Perusing the shelves at the LCBO my eye was caught by a new bottle tucked in among the wall of blended Scotch whiskies bearing the name "Royal Challenge." My curiosity piqued, I read the label, "Royal Challenge Finest Premium Whisky. A blend of rare Scotch, select grain and matured Indian malts." Turning the bottle over confirmed that it was actually made in India and that the 42.8% ABV spirit contained "permitted natural colour." Intrigued, I purchased the bottle to share with the club. After all, "what's life without a Royal Challenge!"
Visiting the website on the label of the importer, AA Impex Ltd, affixed to the side of the bottle; I would later learn that Royal Challenge is a very popular blended whisky enjoyed primarily in India and in a few ex-pat communities around the globe. In fact, as soon as I opened the bottle and saw the speed pour cap, I got the picture: this is India's go-to bar rail whisky.
Produced by United Spirits Ltd. RC (as it's colloquially known) lead the Indian "premium whisky" segment, by volume of sales, throughout India, during the 1980s and 90s; it's domestic popularity rivaled by a Seagram's / Pernod Ricard whisky, "Blender's Pride." There's no question that RC continues to maintain a large market share in India and part of it's fame is due in no small part to the brand's relationship as a title sponsor of the Royal Challengers cricket team.
Indian whisky, while loved by the domestic populace, has drawn criticism from the global whisky connoisseur community as the blended product is commonly based on neutral spirits that are distilled from fermented molasses with only a small portion (around 12% of this blend is estimated to be malt) consisting of traditional malt whiskey. The criticism being, that anywhere outside of India, their "whisky" would be considered rum with malt flavouring.
Already feeling a little suspicious about the quality of the blend from the speed pour cap I decided to investigate what does "permitted natural colour" mean? A few minutes of searching led me to a product description of RC for the domestic market asserting that "varying proportions of selected Indian Malt Spirit, Clean Extra Neutral Alcohol, Plain Caramel, FDA and State Exercise approved flavours and essences are blended under close supervision and strict quality control so as to get overall roundness and typical organoleptic characteristics to the blend." I had no luck finding out what those "approved flavours and essences" might include but I figured it must be safe to drink, right?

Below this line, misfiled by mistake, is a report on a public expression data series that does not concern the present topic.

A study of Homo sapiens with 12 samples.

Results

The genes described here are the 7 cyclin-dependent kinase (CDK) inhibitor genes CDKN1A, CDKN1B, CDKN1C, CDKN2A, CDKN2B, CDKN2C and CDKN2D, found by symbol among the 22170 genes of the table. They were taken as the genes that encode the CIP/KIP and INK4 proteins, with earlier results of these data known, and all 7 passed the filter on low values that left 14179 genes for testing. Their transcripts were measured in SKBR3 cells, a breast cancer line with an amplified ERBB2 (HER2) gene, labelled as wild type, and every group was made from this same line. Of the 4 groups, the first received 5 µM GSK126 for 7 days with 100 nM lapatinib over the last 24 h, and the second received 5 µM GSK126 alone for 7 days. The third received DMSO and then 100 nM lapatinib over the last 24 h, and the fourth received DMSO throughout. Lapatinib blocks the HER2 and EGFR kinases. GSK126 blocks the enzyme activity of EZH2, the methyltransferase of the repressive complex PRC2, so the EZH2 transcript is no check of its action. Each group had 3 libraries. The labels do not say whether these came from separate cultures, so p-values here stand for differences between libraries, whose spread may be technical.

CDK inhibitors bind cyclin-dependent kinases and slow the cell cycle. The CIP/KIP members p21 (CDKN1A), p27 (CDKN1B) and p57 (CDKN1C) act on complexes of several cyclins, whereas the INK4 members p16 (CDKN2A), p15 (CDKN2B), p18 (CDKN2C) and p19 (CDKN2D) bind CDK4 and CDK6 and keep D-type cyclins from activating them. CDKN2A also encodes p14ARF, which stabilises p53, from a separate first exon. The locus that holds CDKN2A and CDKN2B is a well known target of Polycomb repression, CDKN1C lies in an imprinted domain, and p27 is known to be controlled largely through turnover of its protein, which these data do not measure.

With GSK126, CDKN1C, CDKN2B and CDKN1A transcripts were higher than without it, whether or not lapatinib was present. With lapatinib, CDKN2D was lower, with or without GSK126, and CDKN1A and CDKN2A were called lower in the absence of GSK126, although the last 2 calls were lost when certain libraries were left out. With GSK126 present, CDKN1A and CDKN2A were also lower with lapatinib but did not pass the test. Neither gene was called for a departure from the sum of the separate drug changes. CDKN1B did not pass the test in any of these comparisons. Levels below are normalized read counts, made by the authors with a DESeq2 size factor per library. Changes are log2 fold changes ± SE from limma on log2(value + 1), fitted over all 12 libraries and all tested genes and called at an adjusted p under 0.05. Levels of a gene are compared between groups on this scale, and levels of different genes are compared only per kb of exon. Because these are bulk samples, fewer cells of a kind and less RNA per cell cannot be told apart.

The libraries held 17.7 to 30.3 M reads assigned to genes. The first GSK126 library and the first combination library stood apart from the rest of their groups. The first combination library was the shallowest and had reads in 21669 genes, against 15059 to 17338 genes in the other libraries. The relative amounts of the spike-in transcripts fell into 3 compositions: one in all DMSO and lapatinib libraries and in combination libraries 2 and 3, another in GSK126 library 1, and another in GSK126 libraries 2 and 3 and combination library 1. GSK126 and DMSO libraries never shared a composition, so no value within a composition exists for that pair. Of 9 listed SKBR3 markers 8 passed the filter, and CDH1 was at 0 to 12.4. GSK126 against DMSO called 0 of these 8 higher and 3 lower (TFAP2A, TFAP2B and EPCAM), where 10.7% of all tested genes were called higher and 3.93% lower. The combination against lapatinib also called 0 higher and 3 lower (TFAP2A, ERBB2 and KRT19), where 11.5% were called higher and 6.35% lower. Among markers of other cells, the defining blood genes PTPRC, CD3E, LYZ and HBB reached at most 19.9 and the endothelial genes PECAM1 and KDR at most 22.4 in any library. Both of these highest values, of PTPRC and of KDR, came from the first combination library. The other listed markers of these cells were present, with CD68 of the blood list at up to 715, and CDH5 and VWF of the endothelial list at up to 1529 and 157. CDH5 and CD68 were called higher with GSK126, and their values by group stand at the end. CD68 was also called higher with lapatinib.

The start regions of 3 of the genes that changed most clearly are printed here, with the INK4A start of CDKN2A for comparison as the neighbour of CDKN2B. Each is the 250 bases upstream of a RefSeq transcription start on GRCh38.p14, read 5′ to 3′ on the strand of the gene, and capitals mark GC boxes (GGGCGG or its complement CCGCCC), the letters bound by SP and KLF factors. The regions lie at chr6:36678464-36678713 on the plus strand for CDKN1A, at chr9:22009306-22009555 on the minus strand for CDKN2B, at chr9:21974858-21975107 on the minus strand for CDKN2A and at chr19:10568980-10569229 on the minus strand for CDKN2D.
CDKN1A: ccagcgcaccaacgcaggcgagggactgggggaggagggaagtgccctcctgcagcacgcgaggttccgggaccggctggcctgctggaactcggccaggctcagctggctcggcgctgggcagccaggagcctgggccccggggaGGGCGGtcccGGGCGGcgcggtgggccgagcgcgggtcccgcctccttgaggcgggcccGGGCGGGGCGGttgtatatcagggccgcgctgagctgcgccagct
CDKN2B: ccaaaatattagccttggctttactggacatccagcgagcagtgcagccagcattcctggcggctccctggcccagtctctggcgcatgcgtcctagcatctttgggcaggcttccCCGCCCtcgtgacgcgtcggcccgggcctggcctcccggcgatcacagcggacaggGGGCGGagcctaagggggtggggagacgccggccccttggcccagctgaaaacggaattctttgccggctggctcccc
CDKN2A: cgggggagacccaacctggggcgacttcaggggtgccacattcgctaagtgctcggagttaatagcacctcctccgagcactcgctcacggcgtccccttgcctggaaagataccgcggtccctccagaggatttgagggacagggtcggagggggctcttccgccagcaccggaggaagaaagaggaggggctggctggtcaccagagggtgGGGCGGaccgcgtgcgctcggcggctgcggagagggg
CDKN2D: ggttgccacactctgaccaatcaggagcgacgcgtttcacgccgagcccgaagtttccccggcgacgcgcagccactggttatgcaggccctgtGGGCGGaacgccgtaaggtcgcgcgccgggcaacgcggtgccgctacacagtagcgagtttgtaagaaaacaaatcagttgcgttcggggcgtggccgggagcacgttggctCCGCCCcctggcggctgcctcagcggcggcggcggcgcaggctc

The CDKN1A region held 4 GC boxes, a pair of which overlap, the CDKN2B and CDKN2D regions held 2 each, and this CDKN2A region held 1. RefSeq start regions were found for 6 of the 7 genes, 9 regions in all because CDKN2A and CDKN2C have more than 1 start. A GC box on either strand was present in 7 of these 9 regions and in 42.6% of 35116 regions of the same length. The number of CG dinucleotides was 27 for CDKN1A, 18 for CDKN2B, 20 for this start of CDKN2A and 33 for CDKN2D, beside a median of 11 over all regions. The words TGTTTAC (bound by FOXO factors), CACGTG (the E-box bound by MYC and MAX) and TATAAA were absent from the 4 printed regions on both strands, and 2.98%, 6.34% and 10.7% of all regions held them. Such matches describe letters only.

Nose: Straight-forward, there's not much here aside from grain alcohol sweetness akin to burnt sugar and caramel.
Palate: Smoother than expected on entry with a thick and somewhat creamy mouthfeel. All that texture doesn't add much in the way of complexity to the flavour. Muddled flavours of brown sugar and with ashy smoke.
Finish: Long and mouth-coating with a sort of sweet, stale, smoke.
Overall: On the whole, this is an inoffensive and somewhat bland blend that, as some of the guys suggested at our nosing, might have made it past the first round or two of the "Battle of the Blends" had it been in stock and tasted blind. The $26.95 price tag is about right for the product and yet it doesn't compel me to want to drink it again, mix it or serve it to guests. All in all, I'd say it was a novelty experience that I wouldn't rush out to purchase again. With distribution only in LCBO Vintages locations, AA Impex Ltd. is looking to bring Indian and Caribbean ex-pat communities here in Ontario a taste of home and time will tell if their target market will demand Royal Challenge on the LCBO shelves.